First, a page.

Building a brand identity begins with your values as an organization. Financial services companies need intuitive, concise ways to communicate why they matter.
This week, L&T sat down with Catherine Weigel, Vice President of Content at ProShares. According to Weigel, financial services firms like ProShares can reach a new set of investors by adopting marketing strategies that bring to focus their brand identity; excellent marketing is about end to end brand consistency across design, content, the firm’s values, and its product and services.
Until a couple of years ago, leading exchange traded fund (ETF) providers ProShares catered exclusively to the professional trading community. Because they offered unique services — leveraged ETFs and inverse funds — in a niche market, ProShares did not consider marketing to be a top priority. But as the company expanded into strategic funds — a more competitive market with a significantly larger client-base — it also changed its marketing tactics. Weigel shared with us in detail what this means.
Creating Content That Speaks to Your Audience
After years of dominating a niche market, ProShares had a loyal client base that knew its offerings well. But as they transitioned to a more competitive space, ProShares needed to strengthen its messaging and communicate its brand identity effectively to a new set of investors — so it turned to Weigel.
Weigel’s background is in editorial content, but her role at ProShares isn’t limited to articles and white papers. “‘Content’ is often reduced to just words,” she observes of her title. “But I’ve never seen it as just that.”
When Weigel joined ProShares, her first step was assessing their approach to product messaging. “A lot of the messaging depended on market stats, which is useful, but not repeatable or succinct,” she explains. “It wasn’t something you can take to an advisor to convince them to put a product in a client’s portfolio.”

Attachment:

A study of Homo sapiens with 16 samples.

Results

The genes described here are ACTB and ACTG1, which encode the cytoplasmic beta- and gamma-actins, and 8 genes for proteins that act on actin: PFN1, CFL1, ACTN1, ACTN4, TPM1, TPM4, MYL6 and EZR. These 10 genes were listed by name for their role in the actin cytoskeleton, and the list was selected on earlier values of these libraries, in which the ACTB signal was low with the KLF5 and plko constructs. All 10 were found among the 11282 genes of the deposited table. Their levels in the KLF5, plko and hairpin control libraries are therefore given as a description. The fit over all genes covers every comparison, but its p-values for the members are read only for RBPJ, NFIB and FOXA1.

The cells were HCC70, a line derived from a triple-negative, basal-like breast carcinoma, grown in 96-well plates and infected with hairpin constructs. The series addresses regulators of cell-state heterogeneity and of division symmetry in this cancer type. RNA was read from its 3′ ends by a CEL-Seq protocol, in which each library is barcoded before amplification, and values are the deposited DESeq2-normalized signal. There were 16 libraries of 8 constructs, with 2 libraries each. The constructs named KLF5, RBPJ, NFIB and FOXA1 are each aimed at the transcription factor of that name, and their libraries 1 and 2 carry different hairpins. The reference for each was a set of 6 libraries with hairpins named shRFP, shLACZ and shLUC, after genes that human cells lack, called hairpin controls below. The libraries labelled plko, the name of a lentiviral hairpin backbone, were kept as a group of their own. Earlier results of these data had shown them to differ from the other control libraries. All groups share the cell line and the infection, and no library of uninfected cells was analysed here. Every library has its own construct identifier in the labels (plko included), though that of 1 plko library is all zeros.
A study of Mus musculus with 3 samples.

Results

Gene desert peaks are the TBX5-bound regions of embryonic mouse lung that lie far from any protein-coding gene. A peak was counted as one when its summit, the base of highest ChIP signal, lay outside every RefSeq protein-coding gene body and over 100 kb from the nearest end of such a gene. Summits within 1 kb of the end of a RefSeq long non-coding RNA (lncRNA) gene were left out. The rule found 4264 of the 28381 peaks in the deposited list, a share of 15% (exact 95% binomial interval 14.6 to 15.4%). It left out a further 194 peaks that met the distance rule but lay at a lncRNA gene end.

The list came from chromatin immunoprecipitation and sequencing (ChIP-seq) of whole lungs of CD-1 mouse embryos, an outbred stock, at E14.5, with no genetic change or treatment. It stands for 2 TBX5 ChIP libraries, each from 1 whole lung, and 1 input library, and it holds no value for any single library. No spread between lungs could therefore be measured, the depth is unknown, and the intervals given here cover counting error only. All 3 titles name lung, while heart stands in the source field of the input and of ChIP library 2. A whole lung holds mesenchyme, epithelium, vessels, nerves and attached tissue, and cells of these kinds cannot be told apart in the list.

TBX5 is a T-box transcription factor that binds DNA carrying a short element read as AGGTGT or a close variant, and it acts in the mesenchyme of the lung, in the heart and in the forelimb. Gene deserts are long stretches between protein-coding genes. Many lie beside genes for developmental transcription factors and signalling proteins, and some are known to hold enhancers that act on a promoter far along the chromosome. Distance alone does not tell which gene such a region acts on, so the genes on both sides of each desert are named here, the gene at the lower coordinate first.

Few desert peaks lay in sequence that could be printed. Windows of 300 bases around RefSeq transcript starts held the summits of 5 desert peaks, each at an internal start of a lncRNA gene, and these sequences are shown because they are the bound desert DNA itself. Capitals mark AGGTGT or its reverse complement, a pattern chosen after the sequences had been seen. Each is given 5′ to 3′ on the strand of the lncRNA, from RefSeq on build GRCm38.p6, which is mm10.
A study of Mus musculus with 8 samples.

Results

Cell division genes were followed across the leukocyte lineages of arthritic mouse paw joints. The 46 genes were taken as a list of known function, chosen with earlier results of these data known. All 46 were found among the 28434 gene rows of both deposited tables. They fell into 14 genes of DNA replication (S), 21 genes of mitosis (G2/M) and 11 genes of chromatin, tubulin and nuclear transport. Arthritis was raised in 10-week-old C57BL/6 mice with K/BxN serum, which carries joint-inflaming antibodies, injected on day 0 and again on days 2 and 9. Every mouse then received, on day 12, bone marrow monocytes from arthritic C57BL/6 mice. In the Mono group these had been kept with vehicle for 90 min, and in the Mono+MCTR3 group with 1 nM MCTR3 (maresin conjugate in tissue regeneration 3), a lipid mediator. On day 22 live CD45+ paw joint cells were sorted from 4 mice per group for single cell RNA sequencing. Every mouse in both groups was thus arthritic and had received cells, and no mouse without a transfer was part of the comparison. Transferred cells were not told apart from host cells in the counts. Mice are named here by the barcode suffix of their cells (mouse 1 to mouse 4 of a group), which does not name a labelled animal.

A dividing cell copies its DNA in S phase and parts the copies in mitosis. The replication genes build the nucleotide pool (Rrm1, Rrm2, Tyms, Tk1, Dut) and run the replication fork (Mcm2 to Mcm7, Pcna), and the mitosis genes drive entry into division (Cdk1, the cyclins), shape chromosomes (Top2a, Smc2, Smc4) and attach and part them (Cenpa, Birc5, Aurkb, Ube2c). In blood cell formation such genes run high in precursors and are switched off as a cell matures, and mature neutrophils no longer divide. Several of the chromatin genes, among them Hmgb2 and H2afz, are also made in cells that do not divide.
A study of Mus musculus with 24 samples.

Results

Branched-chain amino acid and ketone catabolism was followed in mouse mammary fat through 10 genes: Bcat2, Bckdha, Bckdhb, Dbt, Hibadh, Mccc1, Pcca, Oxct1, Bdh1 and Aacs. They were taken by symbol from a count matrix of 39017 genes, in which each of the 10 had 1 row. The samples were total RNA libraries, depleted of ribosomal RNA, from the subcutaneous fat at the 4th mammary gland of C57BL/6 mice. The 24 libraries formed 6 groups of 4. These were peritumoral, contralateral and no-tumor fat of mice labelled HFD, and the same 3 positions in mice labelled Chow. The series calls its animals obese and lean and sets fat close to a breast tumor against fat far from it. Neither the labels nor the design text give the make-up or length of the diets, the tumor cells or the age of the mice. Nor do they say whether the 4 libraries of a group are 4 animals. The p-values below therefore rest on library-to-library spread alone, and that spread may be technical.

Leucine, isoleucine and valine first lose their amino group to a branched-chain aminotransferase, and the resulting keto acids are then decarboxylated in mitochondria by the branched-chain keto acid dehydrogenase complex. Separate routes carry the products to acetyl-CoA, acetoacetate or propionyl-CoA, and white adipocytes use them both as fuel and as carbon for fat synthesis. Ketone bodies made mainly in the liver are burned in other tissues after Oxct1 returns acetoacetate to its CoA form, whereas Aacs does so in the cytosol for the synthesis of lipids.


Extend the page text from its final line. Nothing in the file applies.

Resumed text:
To bridge the communication gap, Weigel worked with her team to build a clear messaging template. She encouraged ProShares product managers to structure messaging around three categories: the value proposition of the fund, three to five main benefits, and three to five important messages.
Marketing that Showcases Your Firm’s Identity
Rethinking ProShares’ marketing strategy began gradually, by creating pieces that conveyed the firm’s identity. According to Weigel, many financial services firms are still struggling to figure how to communicate who they are. “Product messaging isn’t about pumping out high quantities of content,” she explains. “It’s about pinpointing and communicating your brand beliefs. I notice it can be a challenge. A lot of firms are producing the streams of content, but they don’t understand what their story really is.”
Rather than redesign the website from scratch, Weigel is building the company’s story piece by piece. She began by busting silos and establishing communication channels between investment strategists and the marketing team, and has introduced new content slowly, page by page.
Under her guidance, ProShares now uses native ads and retargeting to generate leads and creates short, accessible content to drive further engagement. For Weigel, these steps help to segment the ProShares audience, figure out what connects, and gradually steer ProShares toward a recognizable brand narrative.
Whether it comes to sales materials or the company website, Weigel believes that finding a strong brand identity forms the foundation of successful marketing. “Marketing isn’t just about making things look pretty — it’s really meant to be a strategic signpost for a firm’s entire identity,” she says. “You have to start with a conversation about the firm’s story, what interests investors about them, and what they feel their differentiating offer is. Once you have that, you can center firm messaging around it and even start tailoring it to different audiences.”
A Strong Brand Begins with the Human Connection
For Weigel, finding a brand identity is about communicating the impact financial services can have on their clients’ lives. Financial products exist to support life-changing decisions — buying a home, saving for college, or planning an estate. Financial companies’ identities should accentuate this indispensable human connection. “You have to make your brand beautiful, authentic, and relatable, but when someone digs behind the service just a little bit, they also have to see that there’s something real behind it,” Weigel explains.
A company’s marketing efforts should always keep meaningful relationships in mind. “Any time you’re talking about branding, marketing, communications, or financial services, everyone has to realize that this is ultimately a human interaction — it’s about a human connecting with another human,” Weigel says. “So content has to be something understandable, and that resonates. Design has to be appealing and that makes the intake of information easier. You can never lose sight of that.”